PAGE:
Oct. 11, 1999 Decreased perception of pain may serve as a marker for risk of hypertension, according to research conducted by Christopher R. France, PhD, Ohio University. Hypertension, or high blood pressure, often is referred to as a "silent" killer because individuals rarely show outward signs of the condition.
Pain often serves the crucial biological purpose of signaling a physiological threat. Therefore, decreased perception of pain may hinder accurate and early detection of cardiac disease or heart attack. Data from the longitudinal Framingham Heart Study indicate that men and women with hypertension are almost twice as likely as others to suffer an unrecognized myocardial infarction, possibly because chest pain is suppressed during episodes of myocardial ischemia, insufficient blood supply to the heart muscle.
"A growing body of evidence suggests that decreased perception of pain, or hypoalgesia, is not a consequence of high blood pressure, as some scientists have believed," said France. "Rather, hypoalgesia may precede the onset of hypertension in individuals whose families have a history of hypertension, elevated resting blood pressure, or exaggerated cardiovascular reaction to stress." The research appears in the November issue of Psychophysiology.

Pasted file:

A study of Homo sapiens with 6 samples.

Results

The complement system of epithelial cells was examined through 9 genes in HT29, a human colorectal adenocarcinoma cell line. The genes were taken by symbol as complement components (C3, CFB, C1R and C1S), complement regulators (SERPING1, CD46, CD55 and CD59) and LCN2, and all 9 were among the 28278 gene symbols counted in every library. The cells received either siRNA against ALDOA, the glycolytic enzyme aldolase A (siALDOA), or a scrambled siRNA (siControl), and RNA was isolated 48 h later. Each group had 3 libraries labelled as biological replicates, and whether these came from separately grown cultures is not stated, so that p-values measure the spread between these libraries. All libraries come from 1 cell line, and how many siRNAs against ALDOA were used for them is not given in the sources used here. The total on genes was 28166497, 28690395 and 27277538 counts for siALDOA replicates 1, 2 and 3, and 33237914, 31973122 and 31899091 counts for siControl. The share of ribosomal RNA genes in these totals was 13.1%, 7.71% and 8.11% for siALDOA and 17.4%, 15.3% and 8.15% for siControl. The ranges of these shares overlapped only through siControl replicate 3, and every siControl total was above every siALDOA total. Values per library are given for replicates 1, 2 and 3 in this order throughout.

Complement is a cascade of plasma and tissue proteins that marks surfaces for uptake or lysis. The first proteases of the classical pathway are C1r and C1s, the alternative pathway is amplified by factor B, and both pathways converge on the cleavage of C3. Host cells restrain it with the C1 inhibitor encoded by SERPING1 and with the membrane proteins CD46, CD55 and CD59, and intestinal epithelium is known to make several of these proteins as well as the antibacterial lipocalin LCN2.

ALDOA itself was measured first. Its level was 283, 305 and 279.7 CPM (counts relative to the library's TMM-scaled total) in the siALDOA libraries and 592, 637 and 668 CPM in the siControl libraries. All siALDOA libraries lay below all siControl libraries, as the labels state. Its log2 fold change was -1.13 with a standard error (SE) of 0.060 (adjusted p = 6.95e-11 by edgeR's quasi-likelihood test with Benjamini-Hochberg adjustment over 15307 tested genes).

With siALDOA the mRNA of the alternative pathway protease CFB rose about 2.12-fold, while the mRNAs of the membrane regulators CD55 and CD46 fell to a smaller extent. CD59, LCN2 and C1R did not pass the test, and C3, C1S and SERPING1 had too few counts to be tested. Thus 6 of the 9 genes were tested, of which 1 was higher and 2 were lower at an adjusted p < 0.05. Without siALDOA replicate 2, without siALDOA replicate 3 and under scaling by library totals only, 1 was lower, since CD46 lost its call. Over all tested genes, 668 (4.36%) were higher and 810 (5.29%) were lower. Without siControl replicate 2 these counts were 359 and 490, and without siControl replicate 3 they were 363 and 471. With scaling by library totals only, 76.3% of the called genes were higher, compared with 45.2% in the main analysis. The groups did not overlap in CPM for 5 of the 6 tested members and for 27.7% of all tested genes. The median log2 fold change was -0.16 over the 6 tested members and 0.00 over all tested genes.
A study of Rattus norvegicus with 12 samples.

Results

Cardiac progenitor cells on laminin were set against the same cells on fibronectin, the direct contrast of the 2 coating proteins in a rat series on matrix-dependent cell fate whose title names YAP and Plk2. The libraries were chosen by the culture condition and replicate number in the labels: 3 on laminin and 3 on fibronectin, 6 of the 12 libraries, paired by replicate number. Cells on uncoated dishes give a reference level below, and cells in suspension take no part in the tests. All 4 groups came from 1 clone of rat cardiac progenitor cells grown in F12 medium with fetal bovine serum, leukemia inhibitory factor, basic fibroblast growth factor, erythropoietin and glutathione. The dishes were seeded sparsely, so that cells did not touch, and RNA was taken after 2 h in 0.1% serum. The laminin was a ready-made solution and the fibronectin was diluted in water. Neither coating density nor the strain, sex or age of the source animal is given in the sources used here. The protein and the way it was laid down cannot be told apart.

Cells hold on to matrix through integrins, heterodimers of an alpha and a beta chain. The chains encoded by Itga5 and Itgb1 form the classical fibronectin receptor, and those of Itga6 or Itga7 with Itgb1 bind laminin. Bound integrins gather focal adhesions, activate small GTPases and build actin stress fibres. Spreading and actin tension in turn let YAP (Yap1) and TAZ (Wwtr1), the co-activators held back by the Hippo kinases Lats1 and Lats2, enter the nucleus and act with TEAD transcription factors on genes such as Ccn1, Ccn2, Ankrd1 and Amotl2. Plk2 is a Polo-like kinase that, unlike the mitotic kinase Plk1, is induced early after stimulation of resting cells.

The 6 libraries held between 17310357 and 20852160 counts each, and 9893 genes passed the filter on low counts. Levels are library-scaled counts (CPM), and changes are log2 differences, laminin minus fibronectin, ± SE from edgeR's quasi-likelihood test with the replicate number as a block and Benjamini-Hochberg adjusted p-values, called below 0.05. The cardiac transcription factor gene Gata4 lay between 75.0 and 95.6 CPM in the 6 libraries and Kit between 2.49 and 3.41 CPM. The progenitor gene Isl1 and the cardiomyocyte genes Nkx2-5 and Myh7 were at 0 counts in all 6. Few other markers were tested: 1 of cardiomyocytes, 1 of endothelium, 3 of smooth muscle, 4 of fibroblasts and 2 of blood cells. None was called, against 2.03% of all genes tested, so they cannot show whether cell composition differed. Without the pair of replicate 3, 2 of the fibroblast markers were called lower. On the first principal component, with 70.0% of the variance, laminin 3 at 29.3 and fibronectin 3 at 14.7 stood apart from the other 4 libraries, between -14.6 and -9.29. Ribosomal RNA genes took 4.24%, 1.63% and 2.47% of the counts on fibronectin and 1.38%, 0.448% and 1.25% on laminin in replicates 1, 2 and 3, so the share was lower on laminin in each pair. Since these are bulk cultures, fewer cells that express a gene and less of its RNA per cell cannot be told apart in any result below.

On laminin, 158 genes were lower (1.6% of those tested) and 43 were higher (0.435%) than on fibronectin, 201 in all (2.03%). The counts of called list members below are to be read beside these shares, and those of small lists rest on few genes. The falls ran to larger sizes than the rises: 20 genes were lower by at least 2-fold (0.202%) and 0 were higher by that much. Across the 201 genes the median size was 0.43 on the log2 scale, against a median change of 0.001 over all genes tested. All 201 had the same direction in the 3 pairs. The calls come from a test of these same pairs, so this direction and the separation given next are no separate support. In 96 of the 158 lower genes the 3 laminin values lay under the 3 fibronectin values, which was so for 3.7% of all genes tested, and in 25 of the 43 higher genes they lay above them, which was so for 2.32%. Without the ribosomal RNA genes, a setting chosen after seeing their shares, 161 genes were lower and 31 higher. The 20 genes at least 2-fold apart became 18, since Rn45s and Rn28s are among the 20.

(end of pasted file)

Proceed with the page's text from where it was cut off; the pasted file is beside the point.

"From a theoretical perspective, attempts to understand the biological basis of hypoalgesia may lead to new insights into understanding the mechanisms of hypertension," said France. "From a practical perspective, hypoalgesia may serve as a valuable method of identifying those at greatest risk for clinically significant blood pressure elevations."
The research was supported by the American Heart Association's National Center and the Ohio-West Virginia Affiliate.